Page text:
Can you really teach yourself how to learn faster? Can you use your brain more effectively to increase the speed in which you process information, as you would for a computer when you change the hardware? My answer YES, and today we’ll talk about some of the best techniques that will teach you How to Learn Faster!
Have a goal in mind
I have mentioned, in several articles on this blog, the importance of having goals and clarity to obtain the results you want to achieve, and the same rules apply to learning.
First, you need to know why you want to learn a new skill, so ask yourself: How will learning this new skill improve my life? What will I gain if I acquire this new skill?
Questions like these will help you increase your motivation for learning the new skill and will increase your chances of success.
Model the excellence
As Tony Robbins says: “The surest way to achieve success is to model someone who is already successful. If you do not have good role models, find someone who is the best in your chosen field and emulate them. You do not need to reinvent the wheel – simply learn from the best “.
In a competitive era like this, no one can afford to make mistakes, and the best way to learn and master a new skill is to find someone who already excels in it and replicate his results.
Learn from multiple sources of information
One of the great rewards of the internet and new technologies, is that we have the chance to learn and ingest information through various sources (e.g. videos on youtube, podcasts, blogs, audio books, and so on) and this has proven to be one of the most effective methods to learn, as you stimulate different parts of the brain and the information is processed and retained more efficiently.
For example, if you are getting ready for an exam or you need to prepare yourself for a presentation at work, you could prepare yourself by watching videos on youtube, using flashcards, repeating the information out loud, listening to recordings, and writing notes by hand.
Learn by getting immediate feedback
Another very effective way to learn quickly is to use feedback.
Using feedback from people who have already achieved what you want to achieve will help you move in the right direction, minimizing any chance of errors.
Utilize the “Pareto principle” to “deconstruct” the skill
The “Pareto Principle” (also known as the 80-20 rule), was invented by Vilfredo Pareto in Italy, in 1906.
It stated that, for many events, roughly 80% of the effects come from 20% of the effort.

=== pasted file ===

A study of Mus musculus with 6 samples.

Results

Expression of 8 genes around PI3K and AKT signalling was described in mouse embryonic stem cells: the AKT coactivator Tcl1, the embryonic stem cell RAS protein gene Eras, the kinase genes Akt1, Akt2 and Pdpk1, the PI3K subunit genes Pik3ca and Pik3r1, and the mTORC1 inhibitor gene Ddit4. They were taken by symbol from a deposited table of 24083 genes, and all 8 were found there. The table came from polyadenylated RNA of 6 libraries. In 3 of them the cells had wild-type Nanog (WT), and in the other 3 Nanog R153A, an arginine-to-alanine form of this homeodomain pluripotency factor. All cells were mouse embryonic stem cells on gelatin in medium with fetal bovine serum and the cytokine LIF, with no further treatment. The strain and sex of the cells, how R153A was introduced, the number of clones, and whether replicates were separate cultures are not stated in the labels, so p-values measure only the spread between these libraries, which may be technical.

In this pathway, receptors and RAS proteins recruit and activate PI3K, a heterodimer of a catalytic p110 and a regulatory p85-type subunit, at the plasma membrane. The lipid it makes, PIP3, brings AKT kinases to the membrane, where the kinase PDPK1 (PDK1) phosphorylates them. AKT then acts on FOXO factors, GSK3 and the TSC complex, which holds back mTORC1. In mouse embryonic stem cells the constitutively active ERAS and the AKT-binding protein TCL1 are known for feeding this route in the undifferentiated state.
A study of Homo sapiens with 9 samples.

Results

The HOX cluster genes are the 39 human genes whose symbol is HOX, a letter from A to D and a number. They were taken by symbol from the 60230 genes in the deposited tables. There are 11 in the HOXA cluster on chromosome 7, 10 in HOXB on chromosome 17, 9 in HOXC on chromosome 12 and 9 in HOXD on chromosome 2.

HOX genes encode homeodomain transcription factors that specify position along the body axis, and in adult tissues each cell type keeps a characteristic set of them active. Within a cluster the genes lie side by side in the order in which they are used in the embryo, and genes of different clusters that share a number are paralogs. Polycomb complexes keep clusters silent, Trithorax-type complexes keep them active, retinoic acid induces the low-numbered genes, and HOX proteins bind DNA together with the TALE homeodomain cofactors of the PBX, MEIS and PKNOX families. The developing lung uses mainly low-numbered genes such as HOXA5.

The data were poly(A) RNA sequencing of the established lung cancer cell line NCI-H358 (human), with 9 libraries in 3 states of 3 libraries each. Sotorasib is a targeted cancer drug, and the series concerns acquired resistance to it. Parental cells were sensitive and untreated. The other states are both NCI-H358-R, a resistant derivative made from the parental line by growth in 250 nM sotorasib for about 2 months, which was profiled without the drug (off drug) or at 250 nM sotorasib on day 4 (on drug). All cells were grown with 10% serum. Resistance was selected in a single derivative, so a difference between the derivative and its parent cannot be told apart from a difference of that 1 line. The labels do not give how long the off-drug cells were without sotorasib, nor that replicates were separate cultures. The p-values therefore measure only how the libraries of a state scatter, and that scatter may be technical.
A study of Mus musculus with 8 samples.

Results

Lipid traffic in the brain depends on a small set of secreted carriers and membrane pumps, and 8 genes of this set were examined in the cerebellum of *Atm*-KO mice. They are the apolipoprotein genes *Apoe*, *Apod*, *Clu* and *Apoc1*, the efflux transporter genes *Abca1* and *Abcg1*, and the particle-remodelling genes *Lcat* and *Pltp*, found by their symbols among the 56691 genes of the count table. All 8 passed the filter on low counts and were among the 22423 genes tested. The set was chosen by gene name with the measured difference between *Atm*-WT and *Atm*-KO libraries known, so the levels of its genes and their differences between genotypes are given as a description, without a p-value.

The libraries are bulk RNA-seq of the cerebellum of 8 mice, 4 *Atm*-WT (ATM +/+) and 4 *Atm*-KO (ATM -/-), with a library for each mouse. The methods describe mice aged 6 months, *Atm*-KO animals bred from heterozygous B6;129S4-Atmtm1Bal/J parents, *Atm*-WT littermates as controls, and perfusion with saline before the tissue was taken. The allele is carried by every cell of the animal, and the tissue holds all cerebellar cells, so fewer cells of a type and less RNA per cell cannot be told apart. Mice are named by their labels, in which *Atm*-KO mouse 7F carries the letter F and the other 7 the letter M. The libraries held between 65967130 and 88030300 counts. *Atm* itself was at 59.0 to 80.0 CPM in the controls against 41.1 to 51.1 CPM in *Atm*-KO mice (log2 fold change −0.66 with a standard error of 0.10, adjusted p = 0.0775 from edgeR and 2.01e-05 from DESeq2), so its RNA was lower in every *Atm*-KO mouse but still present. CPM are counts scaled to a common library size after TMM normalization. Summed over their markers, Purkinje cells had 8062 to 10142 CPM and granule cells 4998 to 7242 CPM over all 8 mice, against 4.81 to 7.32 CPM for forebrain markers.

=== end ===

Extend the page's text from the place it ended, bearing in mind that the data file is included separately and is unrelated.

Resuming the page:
For example, 80% of sales come from 20% of my clients.
Or, 80% of my knowledge comes from 20% of the books I read or the models that I choose.
With this principle in mind, your goal should be to learn the 20%, that is the most important about something that will get you 80% of the results you want to achieve.
Returning to the example of guitar lessons, if I want to learn to play the guitar it is important that I concentrate on learning the most common notes that will allow me to play 80% of the songs.
In an hectic era, such as the one we live in, where you think that multitasking is the most important thing to master, you may be surprised by this advice.
But apparently (as demonstrated by several scientific studies), the act of focusing on multiple tasks simultaneously is not only unproductive, but also harmful to the effective functioning of our brain, and can lead us to increase the chance of errors.
Solution: Focus your mind on one task at a time.
Testing is important!
The use of tests is proven to be one of the most effective ways for learning and has always been one of my favorite ways to prepare for an exam.
The actual process of taking tests can help to retain information in the long term.
Nowadays there are many websites where you can prepare for free through flashcards, multiple choice tests, or other types of tests.
Go to the gym
If you have no excuse for not going to the gym, this is an additional reason to motivate yourself to go.
It has been scientifically proven that physical activity improves memory and learning.
You need now to understand what Seth Godin calls “the Dip”.
Whenever you are trying to learn new skills, there is always a learning curve, whenever you start something new there is always a feeling of euphoria that accompanies these moments, justified by the release of dopamine, then when the initial phase begins to decay we are in “the Dip” stage, and it is in these moments that is easy to lose motivation.
Many drop out a few steps from the finish line, but if only they had been more persistent they would have made great victories.
Whatever you want to learn, remember that there are no limits to what you can achieve, so the next time you’re under stress, remember not to give up because you’re just a few steps from the finish.